The Seven Wonders of the World for Kids

Updated March 18, 2017

The Seven Wonders of the World generally refers to seven remarkable manmade ancient structures. But only the Great Pyramid of Giza in Egypt has survived to this day, making the list difficult for kids to relate to. In 2007, a new list was comprised from over 100 million votes by the New7Wonders Foundation. All of the structures on the new list are still standing as of 2011 and are fascinating for kids.

Christ the Redeemer

This is a 120-foot tall, 98-foot wide and 635-ton statue of Jesus Christ at the top of the 2,300-feet high Corcovado Mountain in Rio de Janeiro, Brazil. Jesus stands with his arms outstretched and head bent forward. Christ the Redeemer was built from 1922 to 1931. The statue is comparable to the Colossus of Rhodes from the seven wonders of the ancient world, a 107-foot tall statue of Greek God Helios built by the ancient Greeks.

Machu Picchu

The Inca people started building Machu Picchu as a half city, half fortress. Also known as "The Lost City of the Incas," this ancient city can be found in the Andes Mountains in Peru. The buildings include the Temple of the Sun and the Room of the Three Windows. The Incas left Machu Picchu in the 16th century when the Spanish invaded.

Chichen Itza

Located in Yucat√°n, Mexico, this site was a political centre for the Mayan civilisation around 600AD. The Kukulkan Pyramid, or "El Castillo" to the locals, is in the centre of the Chichen Itza and is surrounded by a variety of stone architecture.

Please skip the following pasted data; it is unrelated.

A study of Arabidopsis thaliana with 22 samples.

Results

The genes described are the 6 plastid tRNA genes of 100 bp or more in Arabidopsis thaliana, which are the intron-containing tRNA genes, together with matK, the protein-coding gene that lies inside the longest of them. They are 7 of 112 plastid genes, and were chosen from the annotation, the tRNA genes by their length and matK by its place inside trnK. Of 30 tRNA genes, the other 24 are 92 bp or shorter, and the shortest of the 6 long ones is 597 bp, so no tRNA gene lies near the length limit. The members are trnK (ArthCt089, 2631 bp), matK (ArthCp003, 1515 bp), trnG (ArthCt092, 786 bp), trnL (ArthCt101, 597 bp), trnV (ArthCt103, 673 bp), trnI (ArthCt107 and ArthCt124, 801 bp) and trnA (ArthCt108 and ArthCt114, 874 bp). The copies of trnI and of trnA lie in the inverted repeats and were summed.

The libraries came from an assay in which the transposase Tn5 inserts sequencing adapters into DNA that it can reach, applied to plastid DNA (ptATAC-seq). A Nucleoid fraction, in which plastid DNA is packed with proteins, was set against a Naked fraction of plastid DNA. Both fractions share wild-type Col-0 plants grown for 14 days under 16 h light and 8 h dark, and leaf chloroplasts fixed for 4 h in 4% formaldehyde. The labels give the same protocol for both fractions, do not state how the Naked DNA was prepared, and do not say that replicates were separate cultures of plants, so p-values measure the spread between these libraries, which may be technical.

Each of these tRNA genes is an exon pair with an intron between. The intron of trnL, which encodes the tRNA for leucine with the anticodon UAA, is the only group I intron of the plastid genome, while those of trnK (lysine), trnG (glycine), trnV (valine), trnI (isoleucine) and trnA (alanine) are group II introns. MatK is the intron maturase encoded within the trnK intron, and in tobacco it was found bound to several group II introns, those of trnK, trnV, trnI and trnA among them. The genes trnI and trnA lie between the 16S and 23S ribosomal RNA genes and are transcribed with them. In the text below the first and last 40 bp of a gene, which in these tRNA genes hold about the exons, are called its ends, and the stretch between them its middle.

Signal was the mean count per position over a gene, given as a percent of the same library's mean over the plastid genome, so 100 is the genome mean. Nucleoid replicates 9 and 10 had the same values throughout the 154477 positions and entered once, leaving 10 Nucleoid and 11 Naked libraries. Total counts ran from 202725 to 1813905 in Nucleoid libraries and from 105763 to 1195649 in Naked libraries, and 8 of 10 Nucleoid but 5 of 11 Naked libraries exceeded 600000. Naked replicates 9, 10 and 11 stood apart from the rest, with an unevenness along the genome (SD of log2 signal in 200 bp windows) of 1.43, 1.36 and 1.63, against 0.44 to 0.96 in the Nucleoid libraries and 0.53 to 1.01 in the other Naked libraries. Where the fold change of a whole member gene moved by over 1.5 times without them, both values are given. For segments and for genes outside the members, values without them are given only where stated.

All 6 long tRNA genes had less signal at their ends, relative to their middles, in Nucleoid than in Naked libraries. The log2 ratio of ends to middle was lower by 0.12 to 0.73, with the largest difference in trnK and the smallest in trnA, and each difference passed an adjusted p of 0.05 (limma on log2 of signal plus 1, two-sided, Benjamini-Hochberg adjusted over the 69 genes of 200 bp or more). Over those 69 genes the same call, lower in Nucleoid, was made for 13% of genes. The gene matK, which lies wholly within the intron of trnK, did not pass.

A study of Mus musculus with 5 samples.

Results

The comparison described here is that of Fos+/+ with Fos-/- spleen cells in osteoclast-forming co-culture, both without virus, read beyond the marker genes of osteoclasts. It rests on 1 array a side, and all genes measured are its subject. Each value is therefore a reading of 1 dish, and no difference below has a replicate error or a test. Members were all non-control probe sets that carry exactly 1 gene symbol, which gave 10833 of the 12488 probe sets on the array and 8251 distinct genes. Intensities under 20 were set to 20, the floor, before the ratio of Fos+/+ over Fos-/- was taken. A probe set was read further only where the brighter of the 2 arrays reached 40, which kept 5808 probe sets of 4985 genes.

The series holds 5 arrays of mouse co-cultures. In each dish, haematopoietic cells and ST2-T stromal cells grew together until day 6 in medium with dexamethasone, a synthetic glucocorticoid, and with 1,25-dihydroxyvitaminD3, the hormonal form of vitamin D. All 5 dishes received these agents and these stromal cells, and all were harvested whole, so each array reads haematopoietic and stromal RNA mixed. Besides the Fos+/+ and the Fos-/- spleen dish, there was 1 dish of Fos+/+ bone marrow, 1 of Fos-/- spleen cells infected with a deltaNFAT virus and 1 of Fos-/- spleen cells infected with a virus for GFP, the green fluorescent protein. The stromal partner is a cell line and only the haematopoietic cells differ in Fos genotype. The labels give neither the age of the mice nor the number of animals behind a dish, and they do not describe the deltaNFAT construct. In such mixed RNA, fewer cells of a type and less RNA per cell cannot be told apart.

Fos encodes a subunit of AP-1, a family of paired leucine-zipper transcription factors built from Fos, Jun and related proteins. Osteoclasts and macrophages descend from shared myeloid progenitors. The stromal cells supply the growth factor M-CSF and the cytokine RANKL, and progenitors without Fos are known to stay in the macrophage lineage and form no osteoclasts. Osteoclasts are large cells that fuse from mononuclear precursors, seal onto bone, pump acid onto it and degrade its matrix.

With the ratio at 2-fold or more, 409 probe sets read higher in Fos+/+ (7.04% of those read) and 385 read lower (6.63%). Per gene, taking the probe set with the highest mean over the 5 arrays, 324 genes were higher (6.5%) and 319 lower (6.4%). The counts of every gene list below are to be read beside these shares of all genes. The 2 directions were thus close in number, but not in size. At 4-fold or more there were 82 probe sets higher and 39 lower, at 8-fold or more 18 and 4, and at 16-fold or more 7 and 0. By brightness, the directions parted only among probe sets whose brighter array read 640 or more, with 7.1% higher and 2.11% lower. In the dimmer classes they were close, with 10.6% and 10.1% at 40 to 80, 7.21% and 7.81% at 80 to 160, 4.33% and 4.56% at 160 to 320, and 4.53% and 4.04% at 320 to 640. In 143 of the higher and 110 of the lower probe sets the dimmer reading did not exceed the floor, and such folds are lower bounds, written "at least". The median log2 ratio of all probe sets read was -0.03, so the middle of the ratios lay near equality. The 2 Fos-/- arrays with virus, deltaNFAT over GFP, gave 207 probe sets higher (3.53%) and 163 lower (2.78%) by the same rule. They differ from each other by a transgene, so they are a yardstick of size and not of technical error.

Taj Mahal

The structure was built in Agra, India, between 1632 and 1654, by more than 20,000 workers. Mughal emperor Shah Jahan had the mausoleum built for his wife Mumtaz Mahal, who had died. The sarcophagi of Mahal and Jahan are kept inside the Taj Mahal.

Colosseum of Rome

Construction of the Colosseum began around 70AD and finished in 80AD, though alterations have been made since this date. Used for such events as gladiatorial contests and royal speeches, the Colosseum could hold 50,000 people. Situated in Rome, the huge structure is made largely of travertine limestone held together with iron clamps.


Petra is an ancient city in Jordan inhabited before 500BC by the Nabataeans. The whole city, made up of 800 structures, was carved out of rock. Buildings included a shrine, palace, temple and the most famous structure in Petra, "Khazneh el-Farun," the royal treasury.

The Great Wall of China

The Great Wall of China is 4,000 miles long and made of rocks, masonry and packed earth. Begun over 2,000 years ago by the first emperor of China, Qin Shi Huangdi, the wall was designed to protect the Chinese people from the Hsiung Nu tribes, also known as the "Huns."


Based in the U.K., Martin Cole has been writing since 2009. His articles have been published in "The Evening Chronicle," "The Journal" and "The Sunday Sun." He holds a Bachelor of Arts in journalism from Northumbria University.